New Mexico loses to tribes in $60M dispute

TAGs: Lawsuit, New Mexico, tribal gaming

New Mexico has lost a federal court case involving virtually all of the state’s native Indian tribes and a $60-million bill it wanted them to pay, per a report by the Santa Fe New Mexican. The two sides were forced to take their case before a federal judge in the state who has now ruled that New Mexico is going to have to back down from its insistence on the compensation.

New Mexico loses to tribes in $60-million disputeThe case goes all the way back to 2011. The New Mexican Gaming Control Board (NMGCB), in 2017, crunched some numbers and decided that, according to its own interpretation of gaming compacts between the state and the tribes, it was owed a considerable amount of money for free-play credits that were issued by the tribes onto customer reward cards.

In previous compacts, credits that were lost by customers were expected to be treated as revenue, for which the state would get a cut. If a player played with $20 in free credits and lost $15, that $15 was revenue and the state was due 9%.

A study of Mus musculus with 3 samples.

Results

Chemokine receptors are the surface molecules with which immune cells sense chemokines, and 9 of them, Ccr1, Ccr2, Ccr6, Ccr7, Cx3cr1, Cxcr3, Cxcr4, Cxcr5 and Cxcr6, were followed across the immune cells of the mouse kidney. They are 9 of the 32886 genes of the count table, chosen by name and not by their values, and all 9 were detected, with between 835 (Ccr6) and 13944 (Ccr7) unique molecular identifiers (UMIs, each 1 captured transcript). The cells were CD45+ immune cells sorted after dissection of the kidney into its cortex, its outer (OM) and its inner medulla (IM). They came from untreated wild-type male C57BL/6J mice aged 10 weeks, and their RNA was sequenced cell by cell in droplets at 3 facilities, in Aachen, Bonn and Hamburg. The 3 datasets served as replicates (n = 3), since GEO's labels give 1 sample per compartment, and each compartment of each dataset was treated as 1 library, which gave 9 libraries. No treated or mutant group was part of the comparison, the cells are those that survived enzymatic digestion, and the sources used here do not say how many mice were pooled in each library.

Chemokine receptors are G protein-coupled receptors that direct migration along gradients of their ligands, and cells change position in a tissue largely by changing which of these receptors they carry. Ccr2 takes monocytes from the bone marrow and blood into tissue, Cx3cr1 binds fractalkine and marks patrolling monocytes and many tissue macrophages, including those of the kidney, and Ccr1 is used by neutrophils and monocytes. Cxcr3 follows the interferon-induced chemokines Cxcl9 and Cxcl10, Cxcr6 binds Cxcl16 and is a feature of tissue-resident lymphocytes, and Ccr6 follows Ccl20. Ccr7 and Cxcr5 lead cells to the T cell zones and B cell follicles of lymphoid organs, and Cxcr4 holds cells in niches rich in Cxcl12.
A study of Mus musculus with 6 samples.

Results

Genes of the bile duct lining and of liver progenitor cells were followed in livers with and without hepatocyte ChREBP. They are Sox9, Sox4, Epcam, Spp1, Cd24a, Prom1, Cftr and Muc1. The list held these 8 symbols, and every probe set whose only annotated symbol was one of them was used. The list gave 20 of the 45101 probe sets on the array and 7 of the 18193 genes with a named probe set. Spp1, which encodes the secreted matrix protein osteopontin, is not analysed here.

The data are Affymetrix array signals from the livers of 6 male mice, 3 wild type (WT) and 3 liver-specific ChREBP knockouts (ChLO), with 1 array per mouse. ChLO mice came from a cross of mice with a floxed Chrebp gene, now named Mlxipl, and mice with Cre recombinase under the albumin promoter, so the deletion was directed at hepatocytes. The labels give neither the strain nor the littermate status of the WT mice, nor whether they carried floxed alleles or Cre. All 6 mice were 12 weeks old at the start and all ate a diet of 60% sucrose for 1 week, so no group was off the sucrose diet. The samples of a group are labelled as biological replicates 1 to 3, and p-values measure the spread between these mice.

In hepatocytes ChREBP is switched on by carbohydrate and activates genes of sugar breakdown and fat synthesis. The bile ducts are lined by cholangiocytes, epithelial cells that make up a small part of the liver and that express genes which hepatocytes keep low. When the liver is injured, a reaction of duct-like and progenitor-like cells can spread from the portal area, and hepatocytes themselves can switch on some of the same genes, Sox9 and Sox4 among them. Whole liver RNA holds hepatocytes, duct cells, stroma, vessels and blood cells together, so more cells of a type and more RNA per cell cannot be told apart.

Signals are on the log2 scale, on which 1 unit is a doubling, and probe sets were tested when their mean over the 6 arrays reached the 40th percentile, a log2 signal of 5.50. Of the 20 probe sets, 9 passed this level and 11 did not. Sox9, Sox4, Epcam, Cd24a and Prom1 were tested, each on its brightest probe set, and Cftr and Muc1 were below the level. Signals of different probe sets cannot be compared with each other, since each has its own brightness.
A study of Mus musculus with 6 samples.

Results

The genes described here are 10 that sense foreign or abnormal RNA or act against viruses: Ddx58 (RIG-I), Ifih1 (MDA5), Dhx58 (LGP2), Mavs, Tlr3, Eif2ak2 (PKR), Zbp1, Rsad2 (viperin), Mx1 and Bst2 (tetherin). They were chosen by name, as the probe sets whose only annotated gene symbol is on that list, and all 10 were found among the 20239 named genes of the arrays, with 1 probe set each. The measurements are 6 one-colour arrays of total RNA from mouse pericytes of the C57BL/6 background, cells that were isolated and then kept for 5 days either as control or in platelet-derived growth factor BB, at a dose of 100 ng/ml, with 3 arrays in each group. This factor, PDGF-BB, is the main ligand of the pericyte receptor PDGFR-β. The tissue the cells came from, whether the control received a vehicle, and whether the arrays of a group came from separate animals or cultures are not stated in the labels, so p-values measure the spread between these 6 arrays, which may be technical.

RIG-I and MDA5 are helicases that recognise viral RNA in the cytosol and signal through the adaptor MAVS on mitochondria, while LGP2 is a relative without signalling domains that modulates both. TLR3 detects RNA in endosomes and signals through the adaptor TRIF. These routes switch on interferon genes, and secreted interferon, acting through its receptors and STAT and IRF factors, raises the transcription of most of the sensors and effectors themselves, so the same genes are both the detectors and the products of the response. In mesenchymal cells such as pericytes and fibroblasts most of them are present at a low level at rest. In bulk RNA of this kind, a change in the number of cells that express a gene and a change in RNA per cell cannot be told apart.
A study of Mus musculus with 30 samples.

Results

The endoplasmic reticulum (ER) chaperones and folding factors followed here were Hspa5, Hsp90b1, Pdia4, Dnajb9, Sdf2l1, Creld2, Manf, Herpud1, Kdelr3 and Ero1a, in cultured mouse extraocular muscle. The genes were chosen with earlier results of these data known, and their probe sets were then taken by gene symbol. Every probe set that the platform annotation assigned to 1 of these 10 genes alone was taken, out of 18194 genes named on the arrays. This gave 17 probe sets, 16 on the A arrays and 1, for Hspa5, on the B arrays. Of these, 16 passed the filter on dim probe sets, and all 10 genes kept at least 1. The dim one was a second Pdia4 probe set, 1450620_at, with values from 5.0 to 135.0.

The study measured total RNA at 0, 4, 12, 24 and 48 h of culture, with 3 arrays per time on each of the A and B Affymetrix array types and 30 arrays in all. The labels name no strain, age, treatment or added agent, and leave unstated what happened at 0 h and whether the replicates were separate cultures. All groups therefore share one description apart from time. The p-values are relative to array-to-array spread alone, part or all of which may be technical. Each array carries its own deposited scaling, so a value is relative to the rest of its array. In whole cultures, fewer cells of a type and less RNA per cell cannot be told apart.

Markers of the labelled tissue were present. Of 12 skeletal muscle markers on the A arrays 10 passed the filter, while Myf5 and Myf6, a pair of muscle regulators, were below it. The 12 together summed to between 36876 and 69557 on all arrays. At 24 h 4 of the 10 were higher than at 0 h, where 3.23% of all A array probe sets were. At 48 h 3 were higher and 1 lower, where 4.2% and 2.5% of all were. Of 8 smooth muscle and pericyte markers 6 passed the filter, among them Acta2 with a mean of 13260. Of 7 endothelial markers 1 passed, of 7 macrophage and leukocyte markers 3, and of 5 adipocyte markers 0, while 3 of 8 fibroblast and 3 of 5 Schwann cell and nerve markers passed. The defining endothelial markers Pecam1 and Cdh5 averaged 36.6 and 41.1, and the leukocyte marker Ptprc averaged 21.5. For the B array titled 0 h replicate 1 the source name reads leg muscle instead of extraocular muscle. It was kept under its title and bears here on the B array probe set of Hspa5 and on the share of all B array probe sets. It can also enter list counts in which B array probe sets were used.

When those compacts were expiring in 2015, the tribes successfully argued to the federal government that the free-play credit deals were not consistent with standard accounting practices and the system was removed from the new compacts issued that year. However, New Mexico asserted that it was still entitled to their cut from 2011 to 2015 based on the status of the system during that time.

When the NMGCB sent the bill to the tribes, several immediately took legal action. The pueblos of Santa Ana, Santa Clara, Sandia, Tesuque, Isleta and San Felipe filed a lawsuit against New Mexico, arguing that the NMGCB was simply making “a specious attempt to reach deeper into the pockets of New Mexico’s Native American tribes.”

Fast forward to this week, and a federal judge has agreed with the tribes, giving them complete vindication. The lawyer for the Santa Clara and Santa Ana pueblos, Richard W. Hughes, said after the ruling, “It’s a common sense observation that it makes no sense to claim revenue sharing based on something that is not, in fact, revenue. He added that the tribes “feel like it was a complete vindication of [their] position, a position we’ve taken consistently for the 10, 12 years this dispute has been going on.”

New Mexico’s current governor, Michelle Lujan Grisham, most likely won’t appeal the decision. She is known to be more supportive of the tribes than was the state’s previous governor—Susana Martinez—and will almost certainly let the issue go.